Hmm. Given that extra bit of info, another strong possibility is a stuck EGR valve / bad vacuum modulator. The car is at the right age and usage to start seeing issues with the EGR system. EGR systems are mechanical in nature, so it fits the warm restart behavior. I've had cars that the EGR valve completely jammed with carbon deposits - some case jammed completely open, so it was redirecting a good portion of the exhaust gas into the combustion chamber - made the engine either immediately stall or slowly choke down, depending on the RPMs and load.
First - check ignition system:
- Definitely wouldn't hurt to pull the sparkplugs and "read" the ends. That should give you some idea of combustion issues. If the plugs look OK, double check the plug wires and cap/rotor. Want to make sure there is no carbon tracking or other arcing issues inside the cap/rotor. Same with the plug wires, visually inspect them for oil soaking, jacket damage, make sure they are making good contact with the cap and plugs. If you have a multimeter handy, check the resistance of the coil pack, hot and cold if possible.
- If those all check out, try to visually check for arcing with the car in a dark area (inside the garage is OK for a short time, make sure you crack the garage door to vent the exhaust - better to do it outside, if it is dark enough out there) - with the hood open and engine running. The arcs can be very hard to see, but after your eyes get use to it, may be able to see electrical arcs from wires to ground or even between wires. Long shot, but an easy check that anyone can do - this will catch those intermittent cases that are hard to diagnose.
Check the fuel system:
- Replace inline fuel filter if you haven't already done so - will be by the driver's side fender, metal cylinder with fuel hardlines running to it. Best to hit it with some penetrating fluid a couple days in advance to help loosen that corrosion on the fittings, flared wrench can help bite into the fittings better than a standard wrench - prevent rounding off the corners of those fittings.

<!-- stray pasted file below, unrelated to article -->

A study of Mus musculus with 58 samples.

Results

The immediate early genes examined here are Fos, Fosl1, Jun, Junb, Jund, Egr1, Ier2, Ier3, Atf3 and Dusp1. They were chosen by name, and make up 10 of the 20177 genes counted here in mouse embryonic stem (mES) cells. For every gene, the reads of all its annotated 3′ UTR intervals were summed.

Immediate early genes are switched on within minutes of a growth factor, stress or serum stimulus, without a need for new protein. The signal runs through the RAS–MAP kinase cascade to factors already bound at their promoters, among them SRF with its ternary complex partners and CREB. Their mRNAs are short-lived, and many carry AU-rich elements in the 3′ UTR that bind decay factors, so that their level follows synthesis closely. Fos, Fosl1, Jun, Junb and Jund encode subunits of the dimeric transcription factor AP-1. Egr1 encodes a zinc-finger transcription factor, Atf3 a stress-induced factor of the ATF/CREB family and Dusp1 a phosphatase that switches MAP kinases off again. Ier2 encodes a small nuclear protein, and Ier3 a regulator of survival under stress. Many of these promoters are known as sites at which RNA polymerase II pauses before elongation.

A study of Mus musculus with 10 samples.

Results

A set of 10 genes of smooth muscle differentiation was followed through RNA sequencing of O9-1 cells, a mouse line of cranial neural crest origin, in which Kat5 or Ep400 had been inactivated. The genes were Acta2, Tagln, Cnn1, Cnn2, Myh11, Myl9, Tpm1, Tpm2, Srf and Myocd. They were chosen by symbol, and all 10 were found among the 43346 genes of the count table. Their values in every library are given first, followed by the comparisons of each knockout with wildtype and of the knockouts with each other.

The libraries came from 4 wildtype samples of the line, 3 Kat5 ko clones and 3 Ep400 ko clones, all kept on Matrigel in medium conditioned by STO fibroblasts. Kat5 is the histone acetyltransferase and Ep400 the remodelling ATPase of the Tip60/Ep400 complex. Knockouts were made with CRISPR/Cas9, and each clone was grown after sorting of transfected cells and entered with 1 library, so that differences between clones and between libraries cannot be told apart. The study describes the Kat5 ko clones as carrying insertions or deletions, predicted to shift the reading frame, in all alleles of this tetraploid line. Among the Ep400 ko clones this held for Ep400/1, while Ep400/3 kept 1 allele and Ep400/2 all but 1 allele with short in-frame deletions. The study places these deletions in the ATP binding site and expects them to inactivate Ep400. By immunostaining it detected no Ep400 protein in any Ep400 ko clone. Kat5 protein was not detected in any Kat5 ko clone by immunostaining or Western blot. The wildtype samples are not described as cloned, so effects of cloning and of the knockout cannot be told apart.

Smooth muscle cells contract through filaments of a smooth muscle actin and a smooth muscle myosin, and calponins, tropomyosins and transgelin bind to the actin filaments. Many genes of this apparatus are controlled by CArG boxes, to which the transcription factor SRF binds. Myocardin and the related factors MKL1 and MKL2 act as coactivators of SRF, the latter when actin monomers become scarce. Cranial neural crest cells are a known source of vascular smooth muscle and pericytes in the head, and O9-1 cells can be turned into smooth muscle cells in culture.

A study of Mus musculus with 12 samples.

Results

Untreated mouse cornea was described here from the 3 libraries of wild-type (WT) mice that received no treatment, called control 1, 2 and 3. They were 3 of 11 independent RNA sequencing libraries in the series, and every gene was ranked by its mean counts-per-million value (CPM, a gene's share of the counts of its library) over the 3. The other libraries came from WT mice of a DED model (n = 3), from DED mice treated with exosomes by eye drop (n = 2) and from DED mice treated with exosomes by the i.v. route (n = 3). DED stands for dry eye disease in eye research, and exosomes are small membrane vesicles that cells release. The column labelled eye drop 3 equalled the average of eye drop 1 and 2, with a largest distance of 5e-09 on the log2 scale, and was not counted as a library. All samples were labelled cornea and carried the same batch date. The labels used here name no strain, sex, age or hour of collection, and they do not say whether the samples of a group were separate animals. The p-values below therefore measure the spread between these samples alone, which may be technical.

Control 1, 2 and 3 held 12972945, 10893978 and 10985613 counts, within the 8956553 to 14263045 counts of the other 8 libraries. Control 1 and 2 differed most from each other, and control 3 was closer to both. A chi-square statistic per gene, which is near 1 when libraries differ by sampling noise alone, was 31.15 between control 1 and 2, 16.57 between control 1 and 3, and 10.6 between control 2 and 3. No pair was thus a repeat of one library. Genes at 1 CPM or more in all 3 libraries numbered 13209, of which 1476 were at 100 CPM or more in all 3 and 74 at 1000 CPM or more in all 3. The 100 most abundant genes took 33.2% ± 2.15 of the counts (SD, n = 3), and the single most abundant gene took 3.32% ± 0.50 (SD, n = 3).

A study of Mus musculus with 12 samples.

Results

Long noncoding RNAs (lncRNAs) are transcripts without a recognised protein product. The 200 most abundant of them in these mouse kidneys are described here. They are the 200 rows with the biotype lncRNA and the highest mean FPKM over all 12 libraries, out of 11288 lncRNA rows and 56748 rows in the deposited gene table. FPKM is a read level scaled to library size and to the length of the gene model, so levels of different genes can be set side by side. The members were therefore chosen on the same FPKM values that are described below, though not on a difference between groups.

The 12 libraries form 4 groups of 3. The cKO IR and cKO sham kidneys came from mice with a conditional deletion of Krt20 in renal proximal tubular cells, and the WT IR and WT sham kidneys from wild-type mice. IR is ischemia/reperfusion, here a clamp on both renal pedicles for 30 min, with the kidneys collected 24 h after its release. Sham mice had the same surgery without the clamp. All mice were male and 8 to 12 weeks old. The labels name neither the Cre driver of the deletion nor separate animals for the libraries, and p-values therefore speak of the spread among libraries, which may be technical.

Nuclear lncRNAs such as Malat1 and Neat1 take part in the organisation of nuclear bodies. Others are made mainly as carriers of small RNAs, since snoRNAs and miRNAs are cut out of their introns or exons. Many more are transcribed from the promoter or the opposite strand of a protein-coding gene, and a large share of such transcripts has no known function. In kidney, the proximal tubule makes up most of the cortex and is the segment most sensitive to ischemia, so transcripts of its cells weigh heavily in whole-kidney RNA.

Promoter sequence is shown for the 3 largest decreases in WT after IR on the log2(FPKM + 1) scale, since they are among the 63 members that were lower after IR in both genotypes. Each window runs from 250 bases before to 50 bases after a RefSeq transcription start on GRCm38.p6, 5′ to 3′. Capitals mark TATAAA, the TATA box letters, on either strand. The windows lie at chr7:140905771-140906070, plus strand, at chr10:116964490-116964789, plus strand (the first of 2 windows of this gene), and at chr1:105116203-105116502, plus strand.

- Doesn't hurt to check on fuel pressures at different RPMS. Should be a schrader type valve running to a fuel hardline - verify that pressures do not drop when you increase RPMs.
- Listen to the injectors "clicking" when RPMs are varied, should be a pretty steady clicking, increasing in speed with RPMs. You can use a mechanic's stethoscope or a long screwdriver with your ear to the handle. If the sound is not even or missing "beats" - could be a sign of a failing injector.
Check vacuum sources:
- This will include the EGR system, brake booster, intake manifold lines, fuel regulator, PCV, EVAP system, etc., any source of vacuum. A vacuum gauge might also be helpful here - can pickup on vacuum leaks that cannot be visually found. Fortunately, the majority of problems in this area are pretty quickly seen visually - look for signs of damaged/missing vacuum hoses. Should be a diagram under the hood somewhere. Old school trick is to hit vacuum unions, around gaskets, vacuum tee's with a spray solution (I use plain water with a couple drops of dishwashing detergent) - spray suspect hoses with this and if the idle jumps or greatly improves - you found your leak.